Bridging the gap for mainstreaming underprivileged children

By Aditi Hastak

According to the UNESCO EFA report, 1.4 million children between the ages of six to 11 are out of school in India, which is the fourth largest number in the world. As of November 2013, Bangalore had 26,000 out of school urban poor children living in dire conditions, not getting an education. Many of these underprivileged children are children of migrant parents who are involved in unorganized work, such as construction labor or rag pickers. This forces many children to take on household responsibilities like sibling care at a very early or labor work, which fundamentally impacts their education. Considering that migration to Bangalore is from parts of India where the mother tongue is different than Kannada, this internal migration impacts children the most.

UNESCO Education for All report, 1.4 million children between the ages of six to 11 are out of school in India, which is the fourth largest number in the world. As of November 2013, Bangalore had 26,000 out of school urban poor children living in dire conditions, not getting an education. Many of these underprivileged children are children of migrant parents who are involved in unorganized work, such as construction labor or rag pickers. This forces many children to take on household responsibilities like sibling care at a very early or labor work, which fundamentally impacts their education. Considering that migration to Bangalore is from parts of India where the mother tongue is different than Kannada, this internal migration impacts children the most.

Bangalore Effective Education Task Force (BEETF), a consortium of corporates, non-profit organizations (NPOs), and individuals, who, after understanding this very problem of out of school children, commenced work in the space of education for the underprivileged through their project "Bridging Gaps in Education: Addressing the gaps in the opportunities for education of underprivileged children." This project includes different components like a bridge program (a year-long program), an after school program, an in school/beyond school program, and a finishing school program targeting varied challenges faced by the children.

The project piloted its operations in the last academic year (2014-2015) with four government schools in Bangalore South region of Bangalore. The program facilitation lead is Let’s Do Some Good Foundation (LDSG), the implementation lead is Samridhdhi Trust, and the anchor partner is Manipal Foundation.

Given the issues of out of school children, the bridge program, therefore, focuses on combining literacy, knowledge, and skills education for out-of-school children in the age group of six to 14. The bridge program is conducted inside the government school premises for which BEETF has signed a memorandum of understanding with the office of the Department of Public Instruction, Government of Karnataka. "A critical step of identifying the out of school children is conducted by our implementation partners working in the slums through door to door survey," says Shoma Bakre, founder of LDSG and lead facilitating organization for this project. Taking into consideration the sibling care issue, younger children of age group of zero to five years are also accommodated in the same campus for a sibling care program.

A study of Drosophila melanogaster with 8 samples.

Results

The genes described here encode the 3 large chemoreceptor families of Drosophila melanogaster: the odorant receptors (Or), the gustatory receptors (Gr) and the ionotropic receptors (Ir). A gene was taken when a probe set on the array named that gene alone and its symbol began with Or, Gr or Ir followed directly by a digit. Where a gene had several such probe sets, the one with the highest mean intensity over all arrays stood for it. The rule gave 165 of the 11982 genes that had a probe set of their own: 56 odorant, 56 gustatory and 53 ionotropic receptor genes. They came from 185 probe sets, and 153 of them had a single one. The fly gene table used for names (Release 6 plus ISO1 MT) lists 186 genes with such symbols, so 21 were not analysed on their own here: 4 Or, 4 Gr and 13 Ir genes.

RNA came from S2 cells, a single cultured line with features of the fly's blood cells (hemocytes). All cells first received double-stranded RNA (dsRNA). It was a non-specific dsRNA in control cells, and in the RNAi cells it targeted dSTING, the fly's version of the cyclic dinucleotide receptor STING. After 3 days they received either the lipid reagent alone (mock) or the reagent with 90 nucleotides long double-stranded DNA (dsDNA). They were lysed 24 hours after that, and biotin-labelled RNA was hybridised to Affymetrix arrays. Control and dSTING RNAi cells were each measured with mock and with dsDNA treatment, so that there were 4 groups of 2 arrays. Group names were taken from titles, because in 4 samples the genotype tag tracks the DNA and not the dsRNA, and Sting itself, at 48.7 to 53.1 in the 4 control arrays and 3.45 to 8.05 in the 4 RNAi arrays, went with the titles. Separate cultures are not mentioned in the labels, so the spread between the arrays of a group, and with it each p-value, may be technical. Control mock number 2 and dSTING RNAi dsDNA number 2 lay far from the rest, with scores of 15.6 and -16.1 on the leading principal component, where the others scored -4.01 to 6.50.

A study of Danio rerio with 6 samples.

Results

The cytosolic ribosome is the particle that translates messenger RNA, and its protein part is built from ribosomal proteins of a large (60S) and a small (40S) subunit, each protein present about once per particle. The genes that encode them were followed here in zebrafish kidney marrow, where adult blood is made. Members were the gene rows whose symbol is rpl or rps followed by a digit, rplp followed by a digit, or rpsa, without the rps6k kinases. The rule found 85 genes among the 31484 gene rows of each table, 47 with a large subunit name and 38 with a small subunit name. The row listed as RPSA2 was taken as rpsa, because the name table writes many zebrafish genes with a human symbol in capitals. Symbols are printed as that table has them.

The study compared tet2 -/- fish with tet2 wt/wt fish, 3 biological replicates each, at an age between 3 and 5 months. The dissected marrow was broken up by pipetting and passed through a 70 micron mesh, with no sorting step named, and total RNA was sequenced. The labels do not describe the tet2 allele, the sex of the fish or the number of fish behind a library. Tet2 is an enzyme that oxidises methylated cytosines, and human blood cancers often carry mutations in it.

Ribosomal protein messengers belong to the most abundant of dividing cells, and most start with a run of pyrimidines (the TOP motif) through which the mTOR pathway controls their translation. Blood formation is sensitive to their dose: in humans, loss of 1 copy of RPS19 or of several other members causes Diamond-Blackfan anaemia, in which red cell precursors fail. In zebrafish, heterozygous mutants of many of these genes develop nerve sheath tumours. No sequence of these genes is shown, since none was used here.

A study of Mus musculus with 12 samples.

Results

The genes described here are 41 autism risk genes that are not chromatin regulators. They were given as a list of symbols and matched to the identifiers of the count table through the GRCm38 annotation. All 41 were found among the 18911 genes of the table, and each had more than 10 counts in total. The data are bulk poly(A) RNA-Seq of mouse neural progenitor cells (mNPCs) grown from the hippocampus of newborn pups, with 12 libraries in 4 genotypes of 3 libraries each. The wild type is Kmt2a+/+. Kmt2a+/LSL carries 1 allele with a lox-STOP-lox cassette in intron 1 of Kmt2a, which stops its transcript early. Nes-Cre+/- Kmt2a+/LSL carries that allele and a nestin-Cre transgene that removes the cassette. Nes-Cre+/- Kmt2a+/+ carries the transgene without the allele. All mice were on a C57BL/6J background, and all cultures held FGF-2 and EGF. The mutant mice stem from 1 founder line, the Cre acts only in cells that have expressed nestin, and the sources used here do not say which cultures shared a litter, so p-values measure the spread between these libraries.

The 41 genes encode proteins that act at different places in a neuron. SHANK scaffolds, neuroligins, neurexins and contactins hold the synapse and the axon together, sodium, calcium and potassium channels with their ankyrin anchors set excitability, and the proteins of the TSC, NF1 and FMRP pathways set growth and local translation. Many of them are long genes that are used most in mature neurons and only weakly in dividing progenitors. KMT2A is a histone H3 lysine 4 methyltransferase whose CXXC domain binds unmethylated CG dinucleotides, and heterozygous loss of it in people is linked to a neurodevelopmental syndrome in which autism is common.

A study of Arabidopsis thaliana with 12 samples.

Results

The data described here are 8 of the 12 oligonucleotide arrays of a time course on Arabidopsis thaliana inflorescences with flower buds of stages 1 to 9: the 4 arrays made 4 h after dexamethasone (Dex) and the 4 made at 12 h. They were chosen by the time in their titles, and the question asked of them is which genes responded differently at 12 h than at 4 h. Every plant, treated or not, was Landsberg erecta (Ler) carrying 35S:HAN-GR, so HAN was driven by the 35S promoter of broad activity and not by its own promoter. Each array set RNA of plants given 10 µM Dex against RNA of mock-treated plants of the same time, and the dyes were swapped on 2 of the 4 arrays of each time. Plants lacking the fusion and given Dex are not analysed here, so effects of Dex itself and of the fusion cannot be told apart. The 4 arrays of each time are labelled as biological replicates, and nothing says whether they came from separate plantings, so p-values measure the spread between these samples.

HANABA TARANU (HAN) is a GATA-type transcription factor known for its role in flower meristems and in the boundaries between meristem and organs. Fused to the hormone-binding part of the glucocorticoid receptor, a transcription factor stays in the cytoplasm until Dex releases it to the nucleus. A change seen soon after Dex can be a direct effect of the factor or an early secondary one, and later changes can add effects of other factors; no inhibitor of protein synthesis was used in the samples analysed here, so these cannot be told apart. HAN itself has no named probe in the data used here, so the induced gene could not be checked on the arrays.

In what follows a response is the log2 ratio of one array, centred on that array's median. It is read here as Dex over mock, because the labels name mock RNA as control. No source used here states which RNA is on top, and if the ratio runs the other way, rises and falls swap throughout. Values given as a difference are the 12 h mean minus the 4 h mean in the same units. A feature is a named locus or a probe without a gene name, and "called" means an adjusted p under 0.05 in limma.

After one year of accommodating and understanding their level of knowledge and skills and comfort, the children are mainstreamed appropriately into either government schools or private schools.

For the children who are mainstreamed, in-school/beyond school and after-school programs are also run. This is also critical, because many of the mainstreamed children may find it difficult to adjust immediately to the new environment. The in-school program focuses on improving learning outcomes for English, computers, life skills, etc. The after-school program provides additional support to the mainstreamed children in their studies. In addition, the children who finish the schooling are extended support through grooming, personality development, skills training, computer training, and English and communications training. And lastly, this "cradle to employability" approach aspires to facilitate higher education or job placement for these children.

In the last academic year (pilot phase for the project), 800 children were enrolled in four government schools in Bangalore and out of them 350+ were mainstreamed in this academic year after completion of the one-year bridge program. Two after-school programs are also on-going. In the academic year of 2015-16, nine new bridge schools have started with 800 students.

As mentioned above, many of these are children of migrant labors. The families do not stay at one place for long and may move to other places. The real challenge while working in this space is to track the children who have migrated to other states or even to other locations in the city. And, it's important to track questions like, Do they go back to child labor? Do they enroll in schools again? Or do they take up jobs based on the education they received?

"Support is necessary to ensure that hundreds of migrant children do not grow up as illiterate, mal-adjusted, undesirable elements in society, who can easily be lured into anti-social activities and lead economically and socially deprived lives," echoes the team BEETF.